Armenian minister quits amid truce turmoil

Avet Demourian
·2-min read

Armenia's foreign minister has resigned amid political turmoil engulfing the country following a cease-fire deal for the separatist region of Nagorno-Karabakh that calls for ceding territory to longtime adversary Azerbaijan.

The Moscow-brokered truce halted fighting that killed hundreds - and possibly thousands - in six weeks.

However it stipulated Armenia turn over control of some areas its holds outside Nagorno-Karabakh's borders to Azerbaijan.

Nagorno-Karabakh lies within Azerbaijan but has been under the control of ethnic Armenian forces backed by Armenia since a separatist war there ended in 1994.

That war left not only Nagorno-Karabakh itself but substantial surrounding territory in Armenian hands.

The agreement was celebrated in Azerbaijan but sparked mass protests in Armenia, with thousands taking to the streets and demanding Prime Minister Nikol Pashinian step down and the deal be invalidated.

The resignation of Foreign Minister Zohrab Mnatsakanyan was announced on Monday by his spokeswoman, Anna Nagdhalyan.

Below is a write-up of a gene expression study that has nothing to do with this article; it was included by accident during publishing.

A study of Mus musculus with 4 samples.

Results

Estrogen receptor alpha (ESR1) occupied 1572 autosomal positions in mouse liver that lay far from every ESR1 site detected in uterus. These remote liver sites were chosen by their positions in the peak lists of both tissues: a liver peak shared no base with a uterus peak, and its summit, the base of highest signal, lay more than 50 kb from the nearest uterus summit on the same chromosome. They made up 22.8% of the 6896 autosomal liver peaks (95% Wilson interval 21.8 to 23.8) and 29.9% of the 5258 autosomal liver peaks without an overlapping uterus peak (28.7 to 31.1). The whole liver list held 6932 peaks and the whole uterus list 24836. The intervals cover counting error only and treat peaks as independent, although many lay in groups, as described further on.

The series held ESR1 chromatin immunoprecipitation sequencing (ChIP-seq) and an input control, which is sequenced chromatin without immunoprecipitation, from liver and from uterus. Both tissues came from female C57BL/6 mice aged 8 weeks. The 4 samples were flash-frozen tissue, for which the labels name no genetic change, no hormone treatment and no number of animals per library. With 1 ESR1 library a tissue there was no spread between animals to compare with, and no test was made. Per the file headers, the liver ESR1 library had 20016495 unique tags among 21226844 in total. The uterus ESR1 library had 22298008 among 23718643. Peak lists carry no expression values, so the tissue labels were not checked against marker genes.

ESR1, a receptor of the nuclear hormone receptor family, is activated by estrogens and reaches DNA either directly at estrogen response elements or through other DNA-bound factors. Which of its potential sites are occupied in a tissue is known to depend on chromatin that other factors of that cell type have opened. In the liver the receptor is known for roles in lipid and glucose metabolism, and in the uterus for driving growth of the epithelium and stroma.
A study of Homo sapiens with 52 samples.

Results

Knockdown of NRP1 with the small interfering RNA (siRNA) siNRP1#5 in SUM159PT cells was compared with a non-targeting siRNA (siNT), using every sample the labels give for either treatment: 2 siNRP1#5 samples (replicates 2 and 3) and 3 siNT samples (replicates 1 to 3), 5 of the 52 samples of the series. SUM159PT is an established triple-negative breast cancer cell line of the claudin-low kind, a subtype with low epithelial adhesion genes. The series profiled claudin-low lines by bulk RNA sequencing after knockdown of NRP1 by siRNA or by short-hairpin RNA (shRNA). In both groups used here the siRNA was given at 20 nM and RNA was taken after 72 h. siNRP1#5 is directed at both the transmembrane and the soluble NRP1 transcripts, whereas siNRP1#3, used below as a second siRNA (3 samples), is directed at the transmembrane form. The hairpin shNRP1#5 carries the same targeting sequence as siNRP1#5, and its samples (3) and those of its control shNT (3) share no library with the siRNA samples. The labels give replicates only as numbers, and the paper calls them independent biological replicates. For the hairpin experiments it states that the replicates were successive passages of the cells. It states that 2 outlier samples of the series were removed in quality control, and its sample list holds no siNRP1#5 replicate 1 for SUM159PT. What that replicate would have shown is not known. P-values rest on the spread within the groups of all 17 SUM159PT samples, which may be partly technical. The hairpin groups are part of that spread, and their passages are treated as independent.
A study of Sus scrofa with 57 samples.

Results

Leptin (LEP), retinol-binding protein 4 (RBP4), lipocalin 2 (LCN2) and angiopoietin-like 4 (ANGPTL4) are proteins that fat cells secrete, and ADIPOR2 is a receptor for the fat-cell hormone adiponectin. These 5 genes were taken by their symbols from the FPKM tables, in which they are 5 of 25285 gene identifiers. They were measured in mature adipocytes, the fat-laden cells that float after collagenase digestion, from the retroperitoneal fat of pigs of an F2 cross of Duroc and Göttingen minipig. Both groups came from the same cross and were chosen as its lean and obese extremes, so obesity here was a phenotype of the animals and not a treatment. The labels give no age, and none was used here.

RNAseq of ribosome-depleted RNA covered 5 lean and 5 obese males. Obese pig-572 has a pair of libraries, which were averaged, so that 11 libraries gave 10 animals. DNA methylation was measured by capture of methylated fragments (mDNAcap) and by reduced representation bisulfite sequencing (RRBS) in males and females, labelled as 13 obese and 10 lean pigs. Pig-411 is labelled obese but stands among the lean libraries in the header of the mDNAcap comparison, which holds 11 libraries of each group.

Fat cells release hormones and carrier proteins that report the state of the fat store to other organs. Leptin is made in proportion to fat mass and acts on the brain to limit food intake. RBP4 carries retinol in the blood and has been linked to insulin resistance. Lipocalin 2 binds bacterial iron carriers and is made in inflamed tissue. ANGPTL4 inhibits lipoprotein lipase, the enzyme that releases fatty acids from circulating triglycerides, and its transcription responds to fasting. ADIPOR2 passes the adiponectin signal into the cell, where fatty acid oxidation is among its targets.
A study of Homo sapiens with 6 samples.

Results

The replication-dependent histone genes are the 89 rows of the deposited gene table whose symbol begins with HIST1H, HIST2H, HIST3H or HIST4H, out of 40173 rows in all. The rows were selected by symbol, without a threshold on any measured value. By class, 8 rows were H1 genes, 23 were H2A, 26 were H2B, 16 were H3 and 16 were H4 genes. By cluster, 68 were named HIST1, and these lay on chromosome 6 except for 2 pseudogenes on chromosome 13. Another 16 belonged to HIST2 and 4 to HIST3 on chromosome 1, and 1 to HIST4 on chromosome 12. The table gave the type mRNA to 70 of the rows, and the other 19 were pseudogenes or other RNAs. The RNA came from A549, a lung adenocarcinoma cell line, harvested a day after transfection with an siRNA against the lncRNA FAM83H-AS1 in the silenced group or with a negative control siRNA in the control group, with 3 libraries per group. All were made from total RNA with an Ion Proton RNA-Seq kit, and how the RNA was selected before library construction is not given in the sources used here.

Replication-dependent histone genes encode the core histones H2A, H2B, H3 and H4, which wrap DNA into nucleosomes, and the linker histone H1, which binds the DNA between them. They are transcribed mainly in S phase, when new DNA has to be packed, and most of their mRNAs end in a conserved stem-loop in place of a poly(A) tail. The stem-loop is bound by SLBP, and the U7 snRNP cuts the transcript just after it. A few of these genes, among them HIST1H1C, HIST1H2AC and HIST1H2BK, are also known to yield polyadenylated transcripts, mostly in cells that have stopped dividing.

She posted his handwritten resignation on Facebook shortly after Pashinian said in parliament he decided to dismiss Mnatsakanyan.

On Monday evening, President Armen Sarkissian signed a decree relieving Mnatsakanyan of his duties.

Earlier the ministry publicly disagreed with Pashinian over the course of the Nagorno-Karabakh peace talks.

Pashinian said during an online news conference there had been offers to cede to Azerbaijan regions that Armenia controlled around Nagorno-Karabakh and the city of Shusha near the territory's capital of Stepanakert.

Naghdalyan retorted on Facebook that giving up Shusha was not on the agenda "at any stage" of negotiations.

The exchange and ensuing resignation of Mnatsakanyan, who has held the post since 2018, could indicate the political crisis in Armenia is deepening.

It comes as 17 opposition parties and their supporters continue to demand Pashinian's ouster, with thousands taking to the streets of the capital of Yerevan.

Crowds gathered on Monday for another rally, and in the evening, Sarkissian turned up the pressure on Pashinian, saying in an address to the nation that holding early elections is "inevitable".

Sarkissian said he has been meeting with members of various political and social groups, and "the vast majority" agree on one thing - "the resignation of the prime minister in accordance with the Constitution or the termination of his powers, and holding early parliamentary elections".

But to hold a vote of no confidence, opposition MPs need to shore up support in Pashinian's My Step faction, which holds an overwhelming 132-seat parliamentary majority.